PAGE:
Joan Sallis answers governors' questions.
We are about to change our school caterer, and to my horror one of the applicants is a company my husband used to work for. He was dismissed for alleged false overtime claims. I know he did nothing dishonest, but he was so stressed and ill afterwards that he didn't fight his case. I want to be in on the decision because I hate to think of those cruel and untruthful people who damaged my husband becoming involved with the school. I know my fellow governors believe us. But some say I should stand aside. I think this is unreasonable because we have no pecuniary interest, which is surely what the authorities are concerned about.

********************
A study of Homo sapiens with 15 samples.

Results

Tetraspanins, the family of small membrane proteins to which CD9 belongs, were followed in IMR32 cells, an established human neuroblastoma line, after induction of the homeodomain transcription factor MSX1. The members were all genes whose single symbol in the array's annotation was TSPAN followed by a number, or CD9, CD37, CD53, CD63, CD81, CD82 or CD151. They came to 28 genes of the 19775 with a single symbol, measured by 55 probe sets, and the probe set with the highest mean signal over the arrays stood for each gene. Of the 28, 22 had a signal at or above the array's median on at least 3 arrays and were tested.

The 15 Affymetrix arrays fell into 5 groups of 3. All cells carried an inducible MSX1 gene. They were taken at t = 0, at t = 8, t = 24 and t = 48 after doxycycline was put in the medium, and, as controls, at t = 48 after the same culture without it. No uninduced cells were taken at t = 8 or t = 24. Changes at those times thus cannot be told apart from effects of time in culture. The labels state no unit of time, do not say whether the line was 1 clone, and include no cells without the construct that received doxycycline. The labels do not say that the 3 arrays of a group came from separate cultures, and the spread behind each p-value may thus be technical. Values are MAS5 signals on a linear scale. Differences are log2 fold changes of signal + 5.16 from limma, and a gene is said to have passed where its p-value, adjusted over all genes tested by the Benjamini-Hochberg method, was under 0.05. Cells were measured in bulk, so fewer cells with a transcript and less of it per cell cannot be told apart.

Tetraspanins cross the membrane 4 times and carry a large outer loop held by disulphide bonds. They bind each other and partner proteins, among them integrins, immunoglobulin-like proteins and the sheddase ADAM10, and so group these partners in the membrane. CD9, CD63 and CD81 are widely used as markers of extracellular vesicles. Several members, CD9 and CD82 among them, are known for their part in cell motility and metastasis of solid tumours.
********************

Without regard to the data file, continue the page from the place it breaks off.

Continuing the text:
Of course, these sad events loom large in your mind. But because you care about your school, you should be careful to do it no harm. The old regulations about governors' meetings did stress pecuniary interest, but even then I always advised caution about any relationship or event that might be held to prejudice a governor and jeopardise a decision she helped make. The new regulations (Statutory Instrument 2163 1999) define special interest more fully and suggest a wider range of circumstances calling for caution. In particular Regulation 57 (2)(b) says that where there is "reasonable doubt" about a person's ability to be impartial, that governor should withdraw. I think this covers your case, although the governing body as a whole is the first arbiter in any question of interpretation.
I am sure your colleagues will make a wise decision, and if you have kept your distance it will be secure against any challenge.
In any case the people concerned with your husband's dispute may well have moved on long ago and if, as it seems, it is a fairly big company, you cannot condemn it for happenings in one small section.